Thursday, June 7, 2012

Apple-Motorola jury trial in Chicago canceled, but the lawsuit isn't over yet

[Update] Meanwhile Judge Posner has entered a tentative order dismissing the case with prejudice because no party can establish relief. A detailed order will come down within a week, but most likely this is now headed for the Federal Circuit. Given where things stood before the pretrial conference, it's in Motorola's interest to avoid the four patents Apple is asserting in Chicago, but in the greater scheme of things, it also means that Google won't be able to win any ruling in the U.S. against Apple before 2014 other than an ITC decision, which is increasingly unlikely to be the import ban it requested. For Google's ambitions to stop Apple's assertions against Android, and in light of the $12.5 billion it just coughed up for Motorola, that's a setback. [/Update]

A news agency just reported that next week's Apple v. Motorola trial in Chicago "was canceled by a federal judge who rejected damage arguments by both sides". I have been following this case closely and previously reported on the possibility of a cancelation. I have done some research on what exactly happened at the pretrial conference that started at 12:30 PM local time today.

Judge Posner had previously tossed both parties' damages claims and said at the beginning of today's pretrial conference that the parties weren't entitled to damages, so he canceled the jury trial that was scheduled to begin next Monday. But it's important to understand that the cancelation of a jury trial isn't necessarily the end of a lawsuit. Here's why:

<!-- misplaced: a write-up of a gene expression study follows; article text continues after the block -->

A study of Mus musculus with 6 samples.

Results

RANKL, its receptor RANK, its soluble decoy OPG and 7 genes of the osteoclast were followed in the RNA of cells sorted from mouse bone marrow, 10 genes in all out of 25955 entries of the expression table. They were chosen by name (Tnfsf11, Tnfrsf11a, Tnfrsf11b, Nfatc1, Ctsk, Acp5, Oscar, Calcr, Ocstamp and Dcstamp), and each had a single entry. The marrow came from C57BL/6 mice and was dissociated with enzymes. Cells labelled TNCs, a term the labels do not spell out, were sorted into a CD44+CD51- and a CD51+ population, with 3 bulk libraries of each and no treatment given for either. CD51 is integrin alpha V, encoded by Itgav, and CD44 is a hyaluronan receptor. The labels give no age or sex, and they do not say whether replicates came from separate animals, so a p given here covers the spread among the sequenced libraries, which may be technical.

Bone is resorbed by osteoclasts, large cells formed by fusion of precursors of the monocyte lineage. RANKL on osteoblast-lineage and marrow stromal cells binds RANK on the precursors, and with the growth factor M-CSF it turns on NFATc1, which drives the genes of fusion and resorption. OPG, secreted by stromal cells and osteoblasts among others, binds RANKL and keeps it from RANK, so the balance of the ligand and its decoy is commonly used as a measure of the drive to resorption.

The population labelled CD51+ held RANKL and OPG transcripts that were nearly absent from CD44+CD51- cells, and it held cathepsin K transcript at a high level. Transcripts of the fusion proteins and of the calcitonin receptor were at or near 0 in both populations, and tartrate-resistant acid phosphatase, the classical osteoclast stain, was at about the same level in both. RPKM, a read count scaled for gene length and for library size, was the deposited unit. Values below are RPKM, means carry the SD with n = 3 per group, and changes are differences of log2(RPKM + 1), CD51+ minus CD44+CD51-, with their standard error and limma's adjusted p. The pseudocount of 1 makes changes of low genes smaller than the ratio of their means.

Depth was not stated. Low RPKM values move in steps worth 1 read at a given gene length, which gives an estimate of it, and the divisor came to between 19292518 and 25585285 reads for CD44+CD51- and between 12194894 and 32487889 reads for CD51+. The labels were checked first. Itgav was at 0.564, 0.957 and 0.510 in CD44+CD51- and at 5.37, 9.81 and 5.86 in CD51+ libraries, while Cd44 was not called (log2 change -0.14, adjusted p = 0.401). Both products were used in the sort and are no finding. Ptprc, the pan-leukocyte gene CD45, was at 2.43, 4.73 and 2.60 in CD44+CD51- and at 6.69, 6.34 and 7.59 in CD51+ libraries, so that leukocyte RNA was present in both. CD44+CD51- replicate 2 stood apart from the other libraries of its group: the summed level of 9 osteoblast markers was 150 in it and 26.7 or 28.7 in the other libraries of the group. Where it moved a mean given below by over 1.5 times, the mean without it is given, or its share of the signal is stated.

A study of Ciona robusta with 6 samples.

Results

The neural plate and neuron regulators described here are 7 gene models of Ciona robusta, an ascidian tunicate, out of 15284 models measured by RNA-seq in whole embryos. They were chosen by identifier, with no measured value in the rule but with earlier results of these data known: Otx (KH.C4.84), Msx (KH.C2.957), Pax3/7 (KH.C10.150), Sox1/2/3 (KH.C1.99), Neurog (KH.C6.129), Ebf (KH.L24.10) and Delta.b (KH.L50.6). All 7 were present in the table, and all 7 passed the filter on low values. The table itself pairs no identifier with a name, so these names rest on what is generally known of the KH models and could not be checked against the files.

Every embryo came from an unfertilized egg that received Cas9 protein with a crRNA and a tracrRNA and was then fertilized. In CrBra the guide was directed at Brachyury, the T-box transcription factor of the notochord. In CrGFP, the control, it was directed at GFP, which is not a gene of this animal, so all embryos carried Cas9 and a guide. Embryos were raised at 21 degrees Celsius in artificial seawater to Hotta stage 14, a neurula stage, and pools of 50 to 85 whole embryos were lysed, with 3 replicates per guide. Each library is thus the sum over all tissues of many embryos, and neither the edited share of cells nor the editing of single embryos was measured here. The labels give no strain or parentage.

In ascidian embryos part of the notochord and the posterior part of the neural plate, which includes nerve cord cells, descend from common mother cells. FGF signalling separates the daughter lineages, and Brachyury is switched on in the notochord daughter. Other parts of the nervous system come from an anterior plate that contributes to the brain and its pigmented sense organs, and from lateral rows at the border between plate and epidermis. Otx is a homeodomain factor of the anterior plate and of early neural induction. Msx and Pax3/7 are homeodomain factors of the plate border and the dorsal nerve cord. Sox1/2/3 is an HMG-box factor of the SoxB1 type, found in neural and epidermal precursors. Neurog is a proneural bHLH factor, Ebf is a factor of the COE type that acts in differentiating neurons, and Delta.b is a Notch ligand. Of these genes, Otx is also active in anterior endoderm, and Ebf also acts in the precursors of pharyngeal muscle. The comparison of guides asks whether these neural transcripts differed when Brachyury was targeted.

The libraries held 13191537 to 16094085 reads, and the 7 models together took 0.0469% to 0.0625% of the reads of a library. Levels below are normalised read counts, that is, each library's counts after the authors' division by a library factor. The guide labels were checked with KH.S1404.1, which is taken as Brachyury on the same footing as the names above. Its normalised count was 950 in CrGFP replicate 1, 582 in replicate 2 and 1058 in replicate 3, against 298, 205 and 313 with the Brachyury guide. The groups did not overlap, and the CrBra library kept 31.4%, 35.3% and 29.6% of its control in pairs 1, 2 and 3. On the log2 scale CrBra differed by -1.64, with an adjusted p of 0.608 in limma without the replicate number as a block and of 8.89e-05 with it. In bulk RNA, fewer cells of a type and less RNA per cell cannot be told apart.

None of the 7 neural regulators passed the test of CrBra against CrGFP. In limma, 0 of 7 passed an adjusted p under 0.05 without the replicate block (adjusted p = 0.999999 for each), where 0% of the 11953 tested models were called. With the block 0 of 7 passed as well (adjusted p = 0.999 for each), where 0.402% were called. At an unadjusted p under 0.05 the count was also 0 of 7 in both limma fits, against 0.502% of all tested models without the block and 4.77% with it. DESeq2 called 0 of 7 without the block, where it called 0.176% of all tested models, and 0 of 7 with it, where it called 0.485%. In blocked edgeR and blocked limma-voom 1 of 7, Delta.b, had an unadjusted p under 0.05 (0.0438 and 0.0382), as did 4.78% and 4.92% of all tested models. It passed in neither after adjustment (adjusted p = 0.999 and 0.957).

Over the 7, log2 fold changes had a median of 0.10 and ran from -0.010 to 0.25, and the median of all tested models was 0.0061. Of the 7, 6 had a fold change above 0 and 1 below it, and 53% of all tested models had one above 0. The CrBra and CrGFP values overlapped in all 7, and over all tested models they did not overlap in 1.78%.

A jury is needed only if damages have to be determined in the event of a finding of liability for infringement, but it's not needed for a decision on whether or not to grant an injunction. Damages are a remedy at law, while injunctive relief is an equitable remedy. Equitable remedies are decided by judges, not juries. Therefore, if only equitable remedies are at issue in a lawsuit, there's no need for a jury even in connection with the question of liability (infringement, validity etc.).

The judge has not yet decided on whether the parties are entitled to injunctive relief. He is now thinking about this and will enter a written order at a later time. If he decides that injunctive relief is a possibility with respect to one or more patents (Apple has four patents in play, as compared to one Motorola FRAND patent), then there could still be a bench trial (the parties would present their witnesses and make their arguments in front of Judge Posner.

Another question that has yet to be answered is whether the parties are entitled to declaratory judgment even with respect to patents that won't result in any remedy.

Apple appears to be very interested in getting decisions on its four patents-in-suit, while Google/Motorola would prefer for this lawsuit to go nowhere. From a strategic point of view, an injunction would be far more valuable to either party than damages. In Motorola's case, I believe its FRAND licensing obligations are a strong reason to deny injunctive relief.

For now, let's wait and see. Judge Posner's written order will show the way.